Whiskers are sprouting up all over. In my neighborhood chock-full of 30-something fishing guides, mustaches and sideburns have become the rage.

“You look just like Tom Selleck starring as Magnum P.I.,” I said to one young man while I was out walking little whiskerless Rollo and his sporty summer Shih Tzu crew cut. Continuing my walk I saw very noticeable whiskers on another young man, a musician in the neighborhood, whose sideburns bore a startling resemblance to country singer George Jones.

On my early spring tour of the community garden near the Jackson Hole Middle School, I encountered a young man with a mustache I can best describe as a full on Sheriff Zimmer.

“How long have you had your mustache?” I asked the young man.

“All my life, I was born with it,” he said.

“You mother must have been very proud,” I said.

I went on to explain how we once had a Sheriff Zimmer who wore a mustache just like his, in addition to many of the Teton County sheriff’s officers who also sported similar big handlebar mustaches.

“Cool,” the young man said, pleased with himself.

This gentleman’s mustache made my day. I’d forgotten the era of men in Jackson donning big, big mustaches — often involving mustache wax purchased at Stone Drug. Our plumber and several of his staff looked just like Sheriff Zimmer along with many of our local cowboys, one of whom always referred to me as “Darlin’.”

None of the men then paired their mustaches with earrings or skinny sideburns. There were the mutton chops guys, who wore ripped Western shirts and pressed jeans; the ones who let their sideburns grow to meet their beards, bearing a startling resemblance to our eighth president of the United States, Martin Van Buren.

Whiskers can be a weird thing on men and on fish. Another of my neighborhood fishing guides who has very tidy tapered sideburns mentioned to me that he was going off to Glendo Reservoir to try his hand at catching some long-whiskered channel cats for a change of pace.

“Only fish on the darkest of nights,” I told him.

“You go cat fishing?” he asked me, taking in my pearl earrings.

Oh yeah. I’ve been catfishing, at night, in Glendo with the secret bait, the slip bobber and bell.

I wished the young guide good luck. I refrained from telling him I considered Glendo the one spot on earth that surely was built over a direct vent to hell.

There is in my mind no more horrible place to be than Glendo, Wyoming. Nonetheless it is a popular fishery where the largest channel cat in Wyoming was caught, weighing 25 or 30 pounds. There are also flies beyond compare, toads, feral cats that stalk the toads and unbearable heat. It is also wildly beautiful and horrible all at the same time, just like the big-mouthed, whiskered channel catfish.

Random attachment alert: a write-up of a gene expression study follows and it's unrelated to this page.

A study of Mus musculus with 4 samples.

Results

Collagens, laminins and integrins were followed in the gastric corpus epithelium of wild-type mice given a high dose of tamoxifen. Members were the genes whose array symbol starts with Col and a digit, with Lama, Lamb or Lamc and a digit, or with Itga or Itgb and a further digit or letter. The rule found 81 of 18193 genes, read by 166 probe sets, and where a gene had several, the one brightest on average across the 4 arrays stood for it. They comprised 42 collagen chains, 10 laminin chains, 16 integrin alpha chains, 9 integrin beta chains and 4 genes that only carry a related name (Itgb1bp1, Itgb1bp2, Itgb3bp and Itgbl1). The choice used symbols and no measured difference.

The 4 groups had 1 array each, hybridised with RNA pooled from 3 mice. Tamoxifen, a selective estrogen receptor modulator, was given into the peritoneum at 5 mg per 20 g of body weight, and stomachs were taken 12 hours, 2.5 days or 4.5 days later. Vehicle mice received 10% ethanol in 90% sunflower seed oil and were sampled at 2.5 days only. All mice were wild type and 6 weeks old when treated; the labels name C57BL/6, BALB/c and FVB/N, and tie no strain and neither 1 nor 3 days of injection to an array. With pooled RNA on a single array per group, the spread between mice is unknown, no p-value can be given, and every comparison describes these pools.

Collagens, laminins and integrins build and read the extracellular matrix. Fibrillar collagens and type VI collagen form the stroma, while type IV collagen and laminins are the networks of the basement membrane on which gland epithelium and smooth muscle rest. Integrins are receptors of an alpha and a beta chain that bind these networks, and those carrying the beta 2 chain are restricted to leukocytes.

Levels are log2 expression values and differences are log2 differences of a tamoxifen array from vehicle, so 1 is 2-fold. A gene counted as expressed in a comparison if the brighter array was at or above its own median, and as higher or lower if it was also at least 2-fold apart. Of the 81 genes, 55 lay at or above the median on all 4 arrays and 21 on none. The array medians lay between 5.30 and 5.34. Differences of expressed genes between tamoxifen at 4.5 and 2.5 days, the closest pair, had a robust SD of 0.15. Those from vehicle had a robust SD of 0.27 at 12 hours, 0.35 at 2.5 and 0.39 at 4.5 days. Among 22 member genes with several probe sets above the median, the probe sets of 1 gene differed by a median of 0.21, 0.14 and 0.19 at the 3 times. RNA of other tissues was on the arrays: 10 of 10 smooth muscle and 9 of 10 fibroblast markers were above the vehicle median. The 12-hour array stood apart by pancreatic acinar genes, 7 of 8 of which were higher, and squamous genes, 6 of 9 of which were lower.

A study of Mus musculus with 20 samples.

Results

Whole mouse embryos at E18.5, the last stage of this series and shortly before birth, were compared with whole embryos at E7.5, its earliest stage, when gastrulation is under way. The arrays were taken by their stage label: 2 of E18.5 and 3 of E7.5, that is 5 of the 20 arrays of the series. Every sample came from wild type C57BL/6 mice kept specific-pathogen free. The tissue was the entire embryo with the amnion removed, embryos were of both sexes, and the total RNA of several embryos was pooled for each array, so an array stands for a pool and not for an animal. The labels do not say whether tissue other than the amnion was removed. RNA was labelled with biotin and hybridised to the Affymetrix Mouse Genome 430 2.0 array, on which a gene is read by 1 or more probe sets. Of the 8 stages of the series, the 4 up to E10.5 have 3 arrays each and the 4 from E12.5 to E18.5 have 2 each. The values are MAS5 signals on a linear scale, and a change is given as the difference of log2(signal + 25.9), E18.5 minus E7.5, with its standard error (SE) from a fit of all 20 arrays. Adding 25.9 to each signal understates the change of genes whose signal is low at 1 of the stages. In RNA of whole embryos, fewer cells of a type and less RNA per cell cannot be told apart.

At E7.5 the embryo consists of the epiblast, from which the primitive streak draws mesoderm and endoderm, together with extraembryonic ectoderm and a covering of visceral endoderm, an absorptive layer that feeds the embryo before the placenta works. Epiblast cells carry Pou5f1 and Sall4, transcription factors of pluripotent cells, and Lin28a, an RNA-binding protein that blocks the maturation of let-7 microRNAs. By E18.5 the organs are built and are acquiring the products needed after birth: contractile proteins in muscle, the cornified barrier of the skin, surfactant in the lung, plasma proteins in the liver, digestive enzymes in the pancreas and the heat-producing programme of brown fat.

Wyoming Game and Fish biologists have stocked more than 20,000 channel cats in Glendo, raised at the Joe Hogan Fish Hatchery in Lonke, Arkansas.

At the end of 2019 about 6,000 of the Arkansas fingerling channel cats were portioned off and brought to the Wyoming Department of Corrections Wyoming Women’s Center in Lusk. Selected women inmates were trained to raise the fingerlings to 13- to 14- inch stocking size. Perfect for anglers.

In July of last year the pan-sized cats were released by Game and Fish biologists into ponds throughout Wyoming. This year the women prisoners in Lusk have raised another batch of the fingerlings. Again the fish will be released in ponds this summer. Various reservoirs throughout the state have been stocked with small fingerling channel catfish. Trout alternative fishing opportunities abound.

I love the thought of going on a Wyoming road trip to try my luck fishing for some pan catfish. How great it will be to simply sit in a chair, in the sunshine, fishing for stocked channel cats. A sensible less extreme form of cat fishing if you will.

I’ve been in the Atchafalaya Basin accompanying fishermen while they checked their limb lines and trotlines in late spring with hungry gators lining the shores of the Louisiana swamp. I don’t want to do that anymore. I don’t especially want to have to sharpen my hooks, dig out my catfish-skinning pliers, and wash the blood off a bunch of catfish fillets after fishing all night either. But catching a couple of nice little channel catfish for a nice pot of catfish sauce piquante made with my secret blend of roux, onions, bell pepper and garlic would be lovely simmered in a cast-iron Dutch oven over some good hot coals on a Wyoming summer night.

Doreen Tome hopes to lug her collection of cast iron throughout Wyoming this summer.